Be clear during disciplinary hearings, that mitigating factors are taken into consideration

A civil servant who was dismissed by the Department for Work and Pensions (DWP) after he posted “racist and political” tweets from a personal social media account was unfairly dismissed, according to an employment tribunal.

The DWP’s behavioural policy, confirms that employees must not signal any political affiliation, and must “avoid making any kind of personal attack or tasteless or offensive remarks to individuals or groups” in person or on social media accounts.  Employees are obliged to review the behavioural policy on an annual basis, and are warned that failing to comply can have serious consequences, including dismissal.

It was alleged that the employee had breached the standards of the social media policy in tweets from his personal Twitter account which included messages referencing far-right extremist Tommy Robinson; US president Donald Trump; and “white male Christian” gun owners. The employee was investigated, and shown nine tweets from his account that contained “tasteless offensive, racist and political” comments, which allegedly breached the policy. He accepted that some of the comments were offensive, but said that during a previous security presentation a trainer had indicated that if nothing on a personal Twitter account associated the writer with his employer, it did not matter what was tweeted.

He apologised for his actions, and said that he did not know he was breaching company policy. At the subsequent disciplinary meeting, the employee was not entitled to comment on each of the tweets and the disciplinary manager failed to look into what was said during the training sessions referred to.  The employee was dismissed for gross misconduct and a subsequent appeal was not upheld.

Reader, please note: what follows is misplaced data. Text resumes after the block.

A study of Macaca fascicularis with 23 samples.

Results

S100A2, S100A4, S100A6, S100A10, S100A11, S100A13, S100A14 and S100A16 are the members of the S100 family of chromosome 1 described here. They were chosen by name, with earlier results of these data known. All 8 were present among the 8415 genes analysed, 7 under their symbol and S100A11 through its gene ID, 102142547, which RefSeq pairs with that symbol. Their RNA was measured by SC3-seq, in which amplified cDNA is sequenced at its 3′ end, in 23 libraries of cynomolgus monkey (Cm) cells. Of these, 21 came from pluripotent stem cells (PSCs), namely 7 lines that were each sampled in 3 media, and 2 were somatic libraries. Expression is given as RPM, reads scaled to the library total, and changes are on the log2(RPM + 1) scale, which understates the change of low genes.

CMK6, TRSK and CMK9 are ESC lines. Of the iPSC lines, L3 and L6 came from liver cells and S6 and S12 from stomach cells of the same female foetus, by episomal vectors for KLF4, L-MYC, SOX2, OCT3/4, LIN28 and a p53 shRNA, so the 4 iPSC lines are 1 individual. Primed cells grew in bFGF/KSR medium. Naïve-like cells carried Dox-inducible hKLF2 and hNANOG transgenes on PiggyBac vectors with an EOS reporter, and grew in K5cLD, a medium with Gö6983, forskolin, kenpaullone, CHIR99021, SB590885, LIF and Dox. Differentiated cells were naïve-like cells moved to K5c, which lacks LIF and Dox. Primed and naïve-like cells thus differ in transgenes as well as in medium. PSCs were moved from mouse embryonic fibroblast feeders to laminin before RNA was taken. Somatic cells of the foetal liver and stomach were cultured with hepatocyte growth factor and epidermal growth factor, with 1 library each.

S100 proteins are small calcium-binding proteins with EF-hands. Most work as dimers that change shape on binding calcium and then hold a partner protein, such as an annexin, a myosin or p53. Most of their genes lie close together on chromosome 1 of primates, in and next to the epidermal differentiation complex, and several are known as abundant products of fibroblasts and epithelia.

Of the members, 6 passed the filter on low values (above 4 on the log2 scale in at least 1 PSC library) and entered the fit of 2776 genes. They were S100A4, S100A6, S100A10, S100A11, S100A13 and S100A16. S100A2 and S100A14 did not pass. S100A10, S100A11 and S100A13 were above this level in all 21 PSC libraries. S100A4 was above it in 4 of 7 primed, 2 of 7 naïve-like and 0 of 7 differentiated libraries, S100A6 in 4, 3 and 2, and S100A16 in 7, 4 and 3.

The tribunal found that during the disciplinary process, there was no investigation into the fact that the employee had been told that tweets would not breach the behavioural policy as long as there was no link with his employer.

What is clear from this case is that allegations must be made clear to employees so they are able to fully defend them. The employer did not take into account that the employee had expressed contrition. The failure of the employer to consider the mitigating circumstances led to the tribunal’s decision that ‘gross’ was not the correct label to attach to the misconduct. Employers must consider any detail which may differentiate the case with another which blatantly would warrant a finding of gross misconduct.

Factors such as a clean disciplinary record and admission of guilt will be taken into consideration by a tribunal and therefore must also influence the employer’s decision on dismissal.